Family Visits

I drove my visiting sister A and her husband G to visit our 84 year old uncle in a rehab facility. My uncle L, who has been in the facility at least a month, is experiencing  congestive heart failure, requires oxygen, and is experiencing organ failure.

If you are not familiar with congestive heart failure, let me give you a brief synopsis: The heart, no longer able to pump blood effectively, means less oxygen to the brain, a reduced capacity of the lungs to get oxygen into the body and more fluids in the lungs, and organ failure. The brain, kidney, and liver, among others, no longer function optimally. Death isn’t necessarily imminent; my husband’s mother lived with it for years.

Whether his memory is being affected by the congestive heart failure, or whether it is due to another condition, such as dementia, I find it hard to visit him. While we visited, my uncle told me the same stories about my father that put him in a bad light, which he has told me at least once every time I have seen him since at least December. These things happened 60-70 years ago. But so what? 70 years ago, approximately 30 years before I was even born, is too long ago for me to care. I did get angry with my uncle and told him that I didn’t want to hear it.

I asked him: What’s happening now? What else can we talk about now? Can I help him now? What is there to do? Because whatever happened has happened when my father was alive. He is dead. I am glad that my uncle didn’t give the “traitors” help when they didn’t want to help my dad. But so what? Those people are long gone.

I grew up spending Thanksgiving at my uncle’s home, and, in reciprocation, my cousins, uncle, aunt on my father’s and my mother’s side used to spend Christmas with us. I have some great memories of watching Godzilla movies at my uncles on Thanksgiving (thankfully, I was not subject to watching football).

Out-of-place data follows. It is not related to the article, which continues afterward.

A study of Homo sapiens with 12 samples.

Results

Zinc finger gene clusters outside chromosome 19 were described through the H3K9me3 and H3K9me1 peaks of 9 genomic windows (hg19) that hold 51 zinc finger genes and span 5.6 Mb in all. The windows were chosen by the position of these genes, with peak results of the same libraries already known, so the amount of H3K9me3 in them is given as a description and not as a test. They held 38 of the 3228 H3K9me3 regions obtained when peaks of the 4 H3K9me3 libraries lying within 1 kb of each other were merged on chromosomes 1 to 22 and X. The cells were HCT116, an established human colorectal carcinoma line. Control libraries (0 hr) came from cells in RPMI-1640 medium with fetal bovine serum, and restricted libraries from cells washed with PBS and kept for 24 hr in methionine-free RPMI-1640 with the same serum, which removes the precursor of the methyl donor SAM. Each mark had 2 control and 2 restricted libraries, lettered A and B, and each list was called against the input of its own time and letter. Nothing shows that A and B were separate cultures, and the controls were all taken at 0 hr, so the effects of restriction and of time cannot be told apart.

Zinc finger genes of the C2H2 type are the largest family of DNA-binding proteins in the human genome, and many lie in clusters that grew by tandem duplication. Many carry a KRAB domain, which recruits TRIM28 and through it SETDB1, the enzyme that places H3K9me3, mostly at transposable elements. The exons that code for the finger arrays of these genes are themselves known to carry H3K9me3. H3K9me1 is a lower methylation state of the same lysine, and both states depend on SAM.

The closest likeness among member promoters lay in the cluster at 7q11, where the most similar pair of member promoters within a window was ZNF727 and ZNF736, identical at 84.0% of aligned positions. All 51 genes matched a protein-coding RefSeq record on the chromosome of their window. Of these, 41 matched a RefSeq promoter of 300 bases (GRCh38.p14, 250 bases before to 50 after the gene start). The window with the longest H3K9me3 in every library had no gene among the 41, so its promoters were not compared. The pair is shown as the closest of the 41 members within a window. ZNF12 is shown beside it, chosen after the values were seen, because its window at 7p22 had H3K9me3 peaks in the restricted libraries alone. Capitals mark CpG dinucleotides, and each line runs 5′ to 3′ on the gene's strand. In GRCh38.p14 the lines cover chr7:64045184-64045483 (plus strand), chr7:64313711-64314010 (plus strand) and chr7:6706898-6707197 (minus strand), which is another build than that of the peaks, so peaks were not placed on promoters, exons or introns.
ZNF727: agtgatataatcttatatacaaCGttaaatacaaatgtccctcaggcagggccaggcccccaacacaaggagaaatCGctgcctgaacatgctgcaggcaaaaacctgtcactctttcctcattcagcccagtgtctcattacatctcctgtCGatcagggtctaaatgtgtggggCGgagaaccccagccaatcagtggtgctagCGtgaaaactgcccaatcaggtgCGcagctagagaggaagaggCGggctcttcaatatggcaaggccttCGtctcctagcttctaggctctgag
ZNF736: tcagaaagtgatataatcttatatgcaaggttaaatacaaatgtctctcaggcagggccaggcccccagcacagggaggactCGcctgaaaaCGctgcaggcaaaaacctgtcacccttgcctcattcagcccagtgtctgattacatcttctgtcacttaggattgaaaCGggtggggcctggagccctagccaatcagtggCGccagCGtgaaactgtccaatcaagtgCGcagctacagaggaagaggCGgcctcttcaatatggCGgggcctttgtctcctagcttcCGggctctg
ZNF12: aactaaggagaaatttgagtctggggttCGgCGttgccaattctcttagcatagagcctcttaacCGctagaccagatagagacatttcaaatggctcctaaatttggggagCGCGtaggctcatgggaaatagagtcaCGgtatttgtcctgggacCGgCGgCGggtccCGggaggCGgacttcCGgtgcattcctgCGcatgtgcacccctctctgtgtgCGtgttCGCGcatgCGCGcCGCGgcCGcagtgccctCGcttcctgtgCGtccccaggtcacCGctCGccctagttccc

At this point, whatever it is my father did or didn’t do, whatever it is my uncle thinks or doesn’t think, whatever stories he has to tell, I no longer care. When all the players are dead, some of them for many, many years, it is time to move on.

In some ways, having a great memory such as my uncle has is wonderful. He remembers all the birth years of his half-siblings and siblings, starting from 1900 to himself in 1929. Given that he came from a family of 10 and this is 75 years later while he is sick with congestive heart failure, I think that’s pretty damn amazing.

But having an amazing memory is a problem when you repeat the bad stories of your deceased brother over and over again. Yes, I was upset earlier. But I also have compassion for him. The way we think when are elderly is a product of all the ways we have thought through our entire lives.

Do I like what he says? No.
Do I like what he thinks? No.
Is he elderly and ill? Yes.
Am I going to stay worked about the things he says about my deceased father, his brother? No.

I just don’t have time for that shit anymore.